Introduction The Accountability Culture of Traditional Engineering The Collaborative Demands of Modern Engineering Why Not CAD? Technical Product Communications Propagating Design Change Automatically Not Just Documentation, but Communication The Business Value Recap and Conclusion
You might not have noticed it, but engineering has been changing. I first noticed this as part of the movement towards DFX initiatives. But such a change carried some interesting implications for engineering. That spurred me to write those thoughts and implications down in an eBook. Here's a key excerpt.
This eBook is valuable for engineering directors and managers whose organizations are responsible for coordinating design feedback from many company functions.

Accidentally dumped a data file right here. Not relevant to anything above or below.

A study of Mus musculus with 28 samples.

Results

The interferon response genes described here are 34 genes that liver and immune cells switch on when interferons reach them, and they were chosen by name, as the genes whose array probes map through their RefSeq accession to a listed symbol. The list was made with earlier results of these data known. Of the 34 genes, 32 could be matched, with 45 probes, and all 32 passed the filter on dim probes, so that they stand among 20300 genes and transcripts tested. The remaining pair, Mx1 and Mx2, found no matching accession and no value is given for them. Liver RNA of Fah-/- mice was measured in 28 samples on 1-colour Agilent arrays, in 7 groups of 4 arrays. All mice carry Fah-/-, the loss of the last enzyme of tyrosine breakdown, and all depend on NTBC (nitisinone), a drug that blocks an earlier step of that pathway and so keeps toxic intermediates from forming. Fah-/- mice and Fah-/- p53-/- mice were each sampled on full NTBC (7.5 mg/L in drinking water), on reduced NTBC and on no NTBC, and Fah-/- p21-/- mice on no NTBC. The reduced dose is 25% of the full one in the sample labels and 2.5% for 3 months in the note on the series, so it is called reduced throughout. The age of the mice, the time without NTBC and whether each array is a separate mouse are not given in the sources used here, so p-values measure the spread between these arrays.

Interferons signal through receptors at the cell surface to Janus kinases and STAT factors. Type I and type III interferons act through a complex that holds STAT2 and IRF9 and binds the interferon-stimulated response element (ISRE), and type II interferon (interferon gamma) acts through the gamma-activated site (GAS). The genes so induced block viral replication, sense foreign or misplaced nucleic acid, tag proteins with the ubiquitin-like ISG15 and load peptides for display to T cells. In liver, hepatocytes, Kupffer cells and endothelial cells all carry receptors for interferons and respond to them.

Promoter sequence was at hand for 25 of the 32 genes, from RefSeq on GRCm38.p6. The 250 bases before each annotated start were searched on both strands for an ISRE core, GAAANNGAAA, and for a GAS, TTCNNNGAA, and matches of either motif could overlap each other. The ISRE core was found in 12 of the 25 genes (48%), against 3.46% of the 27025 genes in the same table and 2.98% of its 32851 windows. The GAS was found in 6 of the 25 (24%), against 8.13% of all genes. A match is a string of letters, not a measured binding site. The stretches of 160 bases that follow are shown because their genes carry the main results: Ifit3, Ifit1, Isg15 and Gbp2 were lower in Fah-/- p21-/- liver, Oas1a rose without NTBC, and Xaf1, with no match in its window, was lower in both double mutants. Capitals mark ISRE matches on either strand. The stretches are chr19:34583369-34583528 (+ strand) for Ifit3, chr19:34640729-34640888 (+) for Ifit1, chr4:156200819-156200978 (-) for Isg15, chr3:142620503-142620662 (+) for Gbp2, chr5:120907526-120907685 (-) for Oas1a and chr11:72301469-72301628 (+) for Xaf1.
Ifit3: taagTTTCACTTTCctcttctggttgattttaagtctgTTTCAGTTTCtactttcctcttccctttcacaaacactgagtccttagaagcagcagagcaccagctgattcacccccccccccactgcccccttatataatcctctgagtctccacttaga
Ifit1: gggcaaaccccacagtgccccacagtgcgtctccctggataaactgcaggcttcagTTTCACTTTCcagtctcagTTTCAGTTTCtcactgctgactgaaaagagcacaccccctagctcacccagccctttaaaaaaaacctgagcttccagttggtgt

It’s amazing how design has become so democratic. Years ago, it was all about form, fit and function. Engineers would develop a concept, size according to calculations, check against standards and move on to the next task. There was always a design review cycle, but engineers maintained a good amount of autonomy and independence to make design decisions. Today, design decisions must take far more into account. Manufacturability must be checked. Serviceability must be validated. Inventory and sourcing alternatives must be checked as well. Furthermore, design decisions must also be vetted inside engineering teams in groupthink activities. There’s little doubt that design decision making has changed. For engineers, design is now far more about communicating, collaborating and building consensus than it ever has been in the past.